The arrival of the coronavirus in New York is taking a toll on two of the city’s law schools.

New York Law School canceled classes Wednesday, Thursday and Friday in order to clean and disinfect its building, while the Benjamin N. Cardozo School of Law also disinfected its campus on Tuesday. One student from each school had come into contact with a lawyer currently being treated for COVID-19.

That lawyer, a 50-year old who works in the Midtown trusts and estates firm Lewis and Garbuz, was New York state’s second confirmed case of coronavirus. There are now six confirmed cases—four are neighbors or members of the lawyer’s family.

The Cardozo student who was exposed to the now-hospitalized attorney is currently in a voluntary quarantine, according to an email Tuesday from law dean Melanie Leslie.

“The student has no symptoms of the illness and has been assessed by the New York City Department of Health, which has told the student they are likely not in any danger and do not need to be quarantined,” Leslie wrote. “In an abundance of caution, the student has decided to remain in their home for the time being.”

In addition to cleaning and disinfecting the law school, Cardozo will be start recording classes, according to Leslie. The school has not canceled classes.

New York Law School went a step further in closing its facility to allow for the disinfection and cleaning of its campus. According to a message posted early Wednesday to the school’s website, a student voluntarily disclosed Tuesday evening that they had come into contact with the lawyer who tested positive for COVID-19.

“Our student acted responsibly and with great consideration for our community,” wrote law dean Anthony Crowell.

The school then contacted the city’s health department, which plans to interview and test the student for the virus. Both the student and the student’s roommate are in a self-quarantine. Crowell wrote that the campus closure will last “at least” a day. The school later updated its website to clarify that the closure and cleaning was done “out of an abundance of caution” and had not been ordered by the city’s health department. Students need not self-isolate and should attend their off-campus internships and externships, according to the updated notice.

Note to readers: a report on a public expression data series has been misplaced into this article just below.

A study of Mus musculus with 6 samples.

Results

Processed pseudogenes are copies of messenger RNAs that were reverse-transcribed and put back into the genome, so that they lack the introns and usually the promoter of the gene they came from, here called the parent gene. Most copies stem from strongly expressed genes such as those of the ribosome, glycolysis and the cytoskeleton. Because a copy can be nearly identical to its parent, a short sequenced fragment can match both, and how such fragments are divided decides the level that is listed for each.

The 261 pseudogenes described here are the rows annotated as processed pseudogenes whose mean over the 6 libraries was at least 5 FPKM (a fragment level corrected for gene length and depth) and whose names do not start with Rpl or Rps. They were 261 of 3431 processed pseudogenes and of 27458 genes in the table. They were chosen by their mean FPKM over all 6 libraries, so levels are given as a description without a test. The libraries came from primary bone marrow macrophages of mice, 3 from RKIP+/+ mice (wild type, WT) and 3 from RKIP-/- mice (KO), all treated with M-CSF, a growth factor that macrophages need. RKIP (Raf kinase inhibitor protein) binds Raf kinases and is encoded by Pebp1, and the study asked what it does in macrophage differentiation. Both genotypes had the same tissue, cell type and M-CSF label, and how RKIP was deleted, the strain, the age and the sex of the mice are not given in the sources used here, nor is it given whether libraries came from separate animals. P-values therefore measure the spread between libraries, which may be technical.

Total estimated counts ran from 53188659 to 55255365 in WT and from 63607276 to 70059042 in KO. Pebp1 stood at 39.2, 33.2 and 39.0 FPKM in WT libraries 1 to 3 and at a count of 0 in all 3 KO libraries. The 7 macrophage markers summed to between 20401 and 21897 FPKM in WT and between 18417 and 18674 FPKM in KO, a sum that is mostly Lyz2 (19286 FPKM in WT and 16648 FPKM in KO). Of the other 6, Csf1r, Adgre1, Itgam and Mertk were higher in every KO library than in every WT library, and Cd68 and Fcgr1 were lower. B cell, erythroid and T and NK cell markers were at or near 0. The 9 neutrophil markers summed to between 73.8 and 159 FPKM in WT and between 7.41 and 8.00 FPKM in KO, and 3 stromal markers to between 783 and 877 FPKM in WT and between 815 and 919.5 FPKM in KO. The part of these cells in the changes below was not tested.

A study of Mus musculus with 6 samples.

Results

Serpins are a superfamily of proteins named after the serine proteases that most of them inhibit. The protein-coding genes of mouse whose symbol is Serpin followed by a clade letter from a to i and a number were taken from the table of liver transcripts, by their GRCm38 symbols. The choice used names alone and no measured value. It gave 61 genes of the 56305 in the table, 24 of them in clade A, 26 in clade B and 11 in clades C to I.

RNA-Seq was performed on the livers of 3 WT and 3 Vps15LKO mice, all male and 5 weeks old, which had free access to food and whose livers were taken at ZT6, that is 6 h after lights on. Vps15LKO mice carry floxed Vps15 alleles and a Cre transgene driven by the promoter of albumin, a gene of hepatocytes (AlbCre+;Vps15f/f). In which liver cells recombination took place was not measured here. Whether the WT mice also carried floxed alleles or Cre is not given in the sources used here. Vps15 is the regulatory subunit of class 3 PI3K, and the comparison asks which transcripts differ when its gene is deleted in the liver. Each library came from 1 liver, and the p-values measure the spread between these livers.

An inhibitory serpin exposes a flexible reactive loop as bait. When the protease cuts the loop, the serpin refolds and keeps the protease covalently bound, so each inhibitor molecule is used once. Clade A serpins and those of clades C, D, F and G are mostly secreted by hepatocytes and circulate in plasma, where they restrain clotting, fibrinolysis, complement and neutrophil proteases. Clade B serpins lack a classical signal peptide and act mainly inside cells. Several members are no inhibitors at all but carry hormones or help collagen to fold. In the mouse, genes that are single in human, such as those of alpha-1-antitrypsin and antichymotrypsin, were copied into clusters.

New York Law School opted to remain closed on Thursday and Friday as well. There were no regularly scheduled classes on Friday, which marks the beginning of the school’s spring break. Some professors are opting to hold small group sessions or student meetings off campus, according to the school.

The developing coronavirus situation in New York is, thus far, far less disruptive than it has been for law schools in China, many of which have postponed classes altogether in a bid to slow to spread of the virus. For example, the Peking University School of Transnational Law in Shenzhen has fully transitioned to online classes in order to restart the semester. The school, which is the only one to offer both a U.S. law curriculum taught in English and a Chinese Law curriculum, has enlisted the help of Mitchell Hamline College of Law, which pioneered the online J.D. program in the U.S.